Presentation on theme: "Outline C.B. Macpherson’s Models Frances Fox Piven’s Disruptive Power."— Presentation transcript:
Outline C.B. Macpherson’s Models Frances Fox Piven’s Disruptive Power
Macpherson’s Analysis 1.Main forces of change 2.Ethical concerns
Forces of Change 1.“underlying reality of the prevailing or past relations between wilful and historically influenced human beings” and 2.“the probability or possibility of future changes in those relations” (3)
Ethical Concern “Certainly all historical experience confirms the truth—that man would not have attained the possible unless time and again he had reached out for the impossible” (Weber 1978:128)
Models’ Assumptions about society and its people. On the latter point, two important questions emerge: 1.what do people think is democracy? 2.what do people think it should be?
Earlier Models Defined democracy as the rule by the people, so the assumption was that it was a classless or a one-class society.
Liberal Democracy Assumes Capitalism Class inequality Market mediates between capitalists and workers
Participatory Democracy must come from existing practices, desires and ideas of people it must contain “equal right of every man and woman to the full development and use of his or her capabilities” (114)
Unit of Analysis how can we mediate between Macpherson’s individualism and a collectivist understanding of social mobilization?
Frances Fox Piven peoples’ protests are most effective when they act “outside of electoral norms;” this is when electoral-representative procedures are more likely to realize their democratic potential” (2)
Democratic Ideal periodic elections Parties aggregate atomized voters Limit executive power Unicameral legislatures Specified short terms Open legislative deliberations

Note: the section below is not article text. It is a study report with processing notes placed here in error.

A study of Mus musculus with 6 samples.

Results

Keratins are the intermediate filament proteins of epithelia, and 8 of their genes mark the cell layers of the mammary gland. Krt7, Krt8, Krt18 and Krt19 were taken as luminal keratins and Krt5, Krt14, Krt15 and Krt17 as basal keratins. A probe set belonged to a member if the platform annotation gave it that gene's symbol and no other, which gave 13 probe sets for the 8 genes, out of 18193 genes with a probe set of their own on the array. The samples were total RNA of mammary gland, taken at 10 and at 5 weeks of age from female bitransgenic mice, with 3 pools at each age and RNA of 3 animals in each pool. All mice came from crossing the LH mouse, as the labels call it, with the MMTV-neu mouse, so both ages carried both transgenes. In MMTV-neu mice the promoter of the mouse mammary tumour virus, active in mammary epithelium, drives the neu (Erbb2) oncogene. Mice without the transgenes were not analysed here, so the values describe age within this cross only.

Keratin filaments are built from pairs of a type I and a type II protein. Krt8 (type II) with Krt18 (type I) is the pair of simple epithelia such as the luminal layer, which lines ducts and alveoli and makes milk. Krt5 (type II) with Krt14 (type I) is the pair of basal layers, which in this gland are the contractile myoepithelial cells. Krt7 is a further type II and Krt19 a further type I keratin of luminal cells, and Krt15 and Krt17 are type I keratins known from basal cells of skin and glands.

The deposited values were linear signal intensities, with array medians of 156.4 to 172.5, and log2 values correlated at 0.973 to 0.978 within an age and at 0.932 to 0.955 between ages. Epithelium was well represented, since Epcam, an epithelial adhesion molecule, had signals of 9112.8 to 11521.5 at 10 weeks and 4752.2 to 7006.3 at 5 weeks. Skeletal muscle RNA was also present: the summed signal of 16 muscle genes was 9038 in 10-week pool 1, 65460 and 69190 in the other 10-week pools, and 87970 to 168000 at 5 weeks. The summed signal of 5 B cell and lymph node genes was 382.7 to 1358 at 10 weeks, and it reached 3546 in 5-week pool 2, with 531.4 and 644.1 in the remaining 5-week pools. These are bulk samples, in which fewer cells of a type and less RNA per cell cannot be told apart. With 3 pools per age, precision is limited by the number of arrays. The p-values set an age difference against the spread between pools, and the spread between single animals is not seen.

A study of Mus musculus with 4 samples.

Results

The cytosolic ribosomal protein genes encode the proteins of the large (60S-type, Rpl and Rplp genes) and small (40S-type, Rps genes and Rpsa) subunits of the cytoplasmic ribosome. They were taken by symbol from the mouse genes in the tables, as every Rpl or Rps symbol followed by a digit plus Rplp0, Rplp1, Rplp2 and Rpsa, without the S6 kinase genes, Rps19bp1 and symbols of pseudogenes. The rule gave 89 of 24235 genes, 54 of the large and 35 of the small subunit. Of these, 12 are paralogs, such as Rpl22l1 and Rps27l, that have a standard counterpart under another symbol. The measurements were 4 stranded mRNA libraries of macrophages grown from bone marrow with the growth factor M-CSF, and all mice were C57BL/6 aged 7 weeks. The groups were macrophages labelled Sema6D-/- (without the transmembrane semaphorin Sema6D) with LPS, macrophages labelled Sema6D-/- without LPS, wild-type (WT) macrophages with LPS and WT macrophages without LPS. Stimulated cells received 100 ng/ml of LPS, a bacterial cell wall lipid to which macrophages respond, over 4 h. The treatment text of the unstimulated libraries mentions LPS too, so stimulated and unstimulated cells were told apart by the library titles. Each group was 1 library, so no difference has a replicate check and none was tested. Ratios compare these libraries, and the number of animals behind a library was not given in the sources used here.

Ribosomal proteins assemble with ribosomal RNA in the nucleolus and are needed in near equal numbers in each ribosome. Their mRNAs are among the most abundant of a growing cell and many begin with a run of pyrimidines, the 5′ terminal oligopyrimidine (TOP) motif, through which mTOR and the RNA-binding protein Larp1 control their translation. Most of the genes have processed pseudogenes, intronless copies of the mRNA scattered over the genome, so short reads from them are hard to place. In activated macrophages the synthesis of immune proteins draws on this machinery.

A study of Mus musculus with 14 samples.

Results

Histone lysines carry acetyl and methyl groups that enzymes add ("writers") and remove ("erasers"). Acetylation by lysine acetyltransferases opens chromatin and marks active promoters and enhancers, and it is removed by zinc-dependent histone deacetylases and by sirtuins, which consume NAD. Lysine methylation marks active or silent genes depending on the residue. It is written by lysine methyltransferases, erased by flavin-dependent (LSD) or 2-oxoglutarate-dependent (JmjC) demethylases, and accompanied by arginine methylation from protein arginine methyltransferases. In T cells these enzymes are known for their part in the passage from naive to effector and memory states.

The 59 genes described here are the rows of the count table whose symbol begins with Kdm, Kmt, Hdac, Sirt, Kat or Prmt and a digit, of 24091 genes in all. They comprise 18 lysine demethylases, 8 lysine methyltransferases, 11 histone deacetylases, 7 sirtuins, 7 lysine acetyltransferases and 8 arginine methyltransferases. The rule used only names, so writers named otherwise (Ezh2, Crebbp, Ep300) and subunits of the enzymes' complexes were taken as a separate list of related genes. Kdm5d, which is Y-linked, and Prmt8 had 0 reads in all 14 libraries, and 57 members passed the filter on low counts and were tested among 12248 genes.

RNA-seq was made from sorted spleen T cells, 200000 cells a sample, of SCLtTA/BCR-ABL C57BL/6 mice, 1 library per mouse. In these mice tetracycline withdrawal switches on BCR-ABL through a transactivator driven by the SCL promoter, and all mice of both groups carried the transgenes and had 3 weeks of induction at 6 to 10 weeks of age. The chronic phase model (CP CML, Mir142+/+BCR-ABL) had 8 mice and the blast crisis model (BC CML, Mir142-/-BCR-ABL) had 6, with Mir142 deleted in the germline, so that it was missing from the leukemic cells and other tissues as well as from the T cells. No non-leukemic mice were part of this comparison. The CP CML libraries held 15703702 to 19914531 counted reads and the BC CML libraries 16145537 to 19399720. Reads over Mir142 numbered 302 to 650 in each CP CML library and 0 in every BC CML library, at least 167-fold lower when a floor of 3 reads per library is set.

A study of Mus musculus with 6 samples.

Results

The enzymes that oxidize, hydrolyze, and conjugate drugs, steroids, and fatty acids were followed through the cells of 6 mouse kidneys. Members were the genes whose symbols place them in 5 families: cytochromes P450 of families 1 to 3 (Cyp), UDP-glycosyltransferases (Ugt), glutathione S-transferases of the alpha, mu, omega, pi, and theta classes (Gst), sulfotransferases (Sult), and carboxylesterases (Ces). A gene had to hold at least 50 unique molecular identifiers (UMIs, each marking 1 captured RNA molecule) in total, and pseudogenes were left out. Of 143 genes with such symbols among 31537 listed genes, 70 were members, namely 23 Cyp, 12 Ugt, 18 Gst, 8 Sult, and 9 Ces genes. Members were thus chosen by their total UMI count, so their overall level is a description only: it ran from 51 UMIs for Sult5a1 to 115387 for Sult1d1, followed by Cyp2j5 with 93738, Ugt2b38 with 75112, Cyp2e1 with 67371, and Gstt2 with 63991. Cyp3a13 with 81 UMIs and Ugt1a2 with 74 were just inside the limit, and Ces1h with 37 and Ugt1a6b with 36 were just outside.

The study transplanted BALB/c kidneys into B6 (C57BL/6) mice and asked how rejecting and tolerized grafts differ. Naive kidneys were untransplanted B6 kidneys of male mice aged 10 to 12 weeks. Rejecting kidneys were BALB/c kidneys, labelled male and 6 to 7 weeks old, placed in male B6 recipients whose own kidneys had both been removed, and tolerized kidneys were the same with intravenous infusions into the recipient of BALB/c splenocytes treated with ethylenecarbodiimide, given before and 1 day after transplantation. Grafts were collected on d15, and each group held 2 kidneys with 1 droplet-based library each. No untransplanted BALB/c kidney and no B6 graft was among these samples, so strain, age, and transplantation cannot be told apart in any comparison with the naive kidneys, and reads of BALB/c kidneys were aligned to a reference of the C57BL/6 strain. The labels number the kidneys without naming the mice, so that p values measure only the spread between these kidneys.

US Reality Increasing inequality Uncontroversial issues (parties) Lobby power Plutocracy Trust in Washington: 75% in 1964; less than 20% in 1990s
Paul Krugman “our political system has become utterly, and perhaps irrevocably, corrupted” (cited on p. 13)
Yet, Popular Achievements Most democratic institutions Abolition of slavery New Deal and workers’ rights (1930s) Civil Rights (1960s)
How has this happened? “rare intervals of nonincremental democratic reforms are responses to the rise of disruptive protest movements, and the distinctive kind of power that these movements wield” (18)
Disruptive power “... democratic successes flow not from the influence of voters and parties taken by themselves, but from the mobilization of a more fundamental kind of power that is rooted in the very nature of society, in the networks of social interdependence or cooperation that society implies. I call this disruptive power...” (18)
Interdependence “... the leverage inherent in interdependencies is potentially widespread, especially in a densely interconnected society where the division of labor is far advanced” (20). Disruption = activation of interdependent power. Protest movements mobilize disruptive power.
Disruption “a power strategy that rests on withdrawing cooperation in social relations [it] may be noisy... and it may be disorderly and violent, but whether the withdrawal of cooperation takes these forms is entirely contingent” (23)
Conditions to engage in disruption 1.How people understand social relations. 2.Rule breaking. 3.Coordination. 4.Overcoming constraints. 5.Withstanding disruption. 6.Withstanding threat to end interdependency relation.
Rules (“... work to suppress the actualization of the interdependent power inherent in social cooperation”, p. 27)
Explaining US’ Big Bangs (1930s and 1960s) Historical institutionalism Reformers and experts’ ideas Power elite theories Electoral shifts and realignments
The Future “intimate connection between what people think is possible in politics and what they think is right” (141).
The Future “People do not complain about the inevitable, and certainly they do not mobilize to change what they think is inevitable, but once new possibilities... are evident and within reach, popular aspirations also expand” ( ).
Conclusion “the mobilization of collective defiance and the disruption it causes have always been essential to the preservation of democracy” (146). My question is whether we can still consider that the United States has a democracy worthy of the name.